After a term at the helm of Weston School, Deidre Senior chats to Oamaru Mail reporter Gus Patterson about how she is settling in and what she wants to achieve as principal.
Q Where were you before Weston School?
I was principal at Waitaki Valley School for just over four years, and prior to that I was deputy principal at Oamaru Intermediate for seven years.
Q What appealed to you about Weston School?
It has always had a reputation as a school with a very strong community around it. I truly believe the saying “It takes a village to raise a child” and Weston has a strong village, both within it and around it. Everyone wants the school to be the best it can be.
I also love the size of Weston School – we have 253 students. It is a size where you can still know every child by name, but it is big enough to have a variety of staff who can throw their energy into areas of specialty and interest. In smaller schools the same people are the coaches, the choir conductors, the sports organisers .. schools of this size mean we can share the load a bit more, and provide a wider variety of opportunities.
Q What are your goals as principal?
I want to be the best principal I can be, who best meets the needs of our school and pupils. While the goal is simple, the task is obviously quite complex. It requires me to ensure I am getting that balance of listening to the community, my staff and, of course, the pupils – to ensure that Weston is a school that everyone is proud to be associated with, and best meets everyone’s needs.
Q How has education changed since you were a school pupil?
It has changed on so many levels – in regards to what the children experience, and also in regards to the expectations on teachers. Children’s lives are so much more complex now, and technology and family dynamics play a significant part in that. The classroom is much more learner-centric than it was in my day. There are so many more opportunities for children to develop a wider range of skills and capabilities, not just working through a textbook like we used to. It creates a much more exciting learning environment, and one that I would hope is now more relevant to our children – both now and for their futures.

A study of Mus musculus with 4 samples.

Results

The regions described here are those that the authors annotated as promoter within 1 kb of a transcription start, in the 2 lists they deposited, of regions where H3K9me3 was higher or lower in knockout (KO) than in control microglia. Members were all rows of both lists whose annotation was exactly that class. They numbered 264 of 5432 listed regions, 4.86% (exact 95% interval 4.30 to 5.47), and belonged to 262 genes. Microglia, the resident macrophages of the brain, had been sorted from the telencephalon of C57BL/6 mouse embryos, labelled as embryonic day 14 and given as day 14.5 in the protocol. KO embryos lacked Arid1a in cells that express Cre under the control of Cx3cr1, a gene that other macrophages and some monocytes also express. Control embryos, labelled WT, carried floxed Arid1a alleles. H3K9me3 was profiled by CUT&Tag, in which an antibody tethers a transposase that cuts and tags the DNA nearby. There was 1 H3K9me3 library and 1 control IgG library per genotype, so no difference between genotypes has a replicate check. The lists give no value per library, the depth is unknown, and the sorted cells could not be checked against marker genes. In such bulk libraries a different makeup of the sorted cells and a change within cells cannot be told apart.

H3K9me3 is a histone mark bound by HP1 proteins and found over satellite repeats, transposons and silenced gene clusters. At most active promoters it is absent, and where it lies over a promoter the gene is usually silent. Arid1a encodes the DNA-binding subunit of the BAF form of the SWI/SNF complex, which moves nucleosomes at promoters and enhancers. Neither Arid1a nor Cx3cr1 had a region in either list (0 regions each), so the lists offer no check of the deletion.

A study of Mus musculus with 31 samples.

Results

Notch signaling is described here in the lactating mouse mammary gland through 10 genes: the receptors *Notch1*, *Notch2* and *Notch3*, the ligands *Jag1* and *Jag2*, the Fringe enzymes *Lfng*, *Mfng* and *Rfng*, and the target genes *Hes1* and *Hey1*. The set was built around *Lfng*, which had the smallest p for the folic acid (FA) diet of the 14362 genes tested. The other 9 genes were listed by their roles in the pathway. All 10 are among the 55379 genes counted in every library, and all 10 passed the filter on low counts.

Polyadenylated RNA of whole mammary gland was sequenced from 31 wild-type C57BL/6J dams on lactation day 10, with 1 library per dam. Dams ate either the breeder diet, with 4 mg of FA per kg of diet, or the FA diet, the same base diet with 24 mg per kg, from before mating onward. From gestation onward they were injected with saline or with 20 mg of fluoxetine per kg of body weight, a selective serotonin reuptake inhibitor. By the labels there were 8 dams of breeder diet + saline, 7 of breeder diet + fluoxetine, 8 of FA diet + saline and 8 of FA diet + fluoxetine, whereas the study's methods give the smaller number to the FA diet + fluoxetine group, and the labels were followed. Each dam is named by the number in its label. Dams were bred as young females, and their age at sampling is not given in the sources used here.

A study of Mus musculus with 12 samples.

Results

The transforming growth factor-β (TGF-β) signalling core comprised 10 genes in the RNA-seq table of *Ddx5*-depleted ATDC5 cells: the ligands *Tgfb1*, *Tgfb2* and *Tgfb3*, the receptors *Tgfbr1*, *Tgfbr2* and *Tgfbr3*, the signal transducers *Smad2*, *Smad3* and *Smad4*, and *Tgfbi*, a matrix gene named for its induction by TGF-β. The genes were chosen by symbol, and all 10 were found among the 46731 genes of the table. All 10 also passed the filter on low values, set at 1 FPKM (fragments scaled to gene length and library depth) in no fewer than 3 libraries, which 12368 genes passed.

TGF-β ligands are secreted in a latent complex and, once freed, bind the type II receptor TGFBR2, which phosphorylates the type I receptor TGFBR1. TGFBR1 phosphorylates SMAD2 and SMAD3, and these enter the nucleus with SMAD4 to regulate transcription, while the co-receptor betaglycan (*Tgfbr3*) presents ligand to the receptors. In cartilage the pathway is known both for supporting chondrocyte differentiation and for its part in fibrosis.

Q Who was your favourite teacher – and why?
I attended a small rural school and so only had two teachers in my first five years of schooling and they were both fantastic. Mrs Beale was fun and had a great classroom with lots of things to play with, and then Mrs Keast made sure that we were being challenged and rising to these challenges. I guess both of these principles are still important in schooling today.
I do also have a strong memory of Mr Hughes, the principal and my year 6 and 7 teacher, who would play his guitar and smoke his pipe while we all sang in the classroom with him. You wouldn’t get away with that these days!
Q What is something about teaching in 2019 that the community might not realise?
I think our collective agreement campaign over the past 12 months has probably opened up a greater understanding of teaching and the demands of it. In the last three weeks of last term we had 17 different agencies in our school to support various pupils. This indicates the increasingly complex needs of children, but it also creates other demands outside of the usual “business as usual” of teaching the curriculum for teachers.
At the end of the day, we do this because we know we are making a difference, and because we enjoy working with children. Teaching is too demanding a profession for you not to believe in yourself or what you are doing.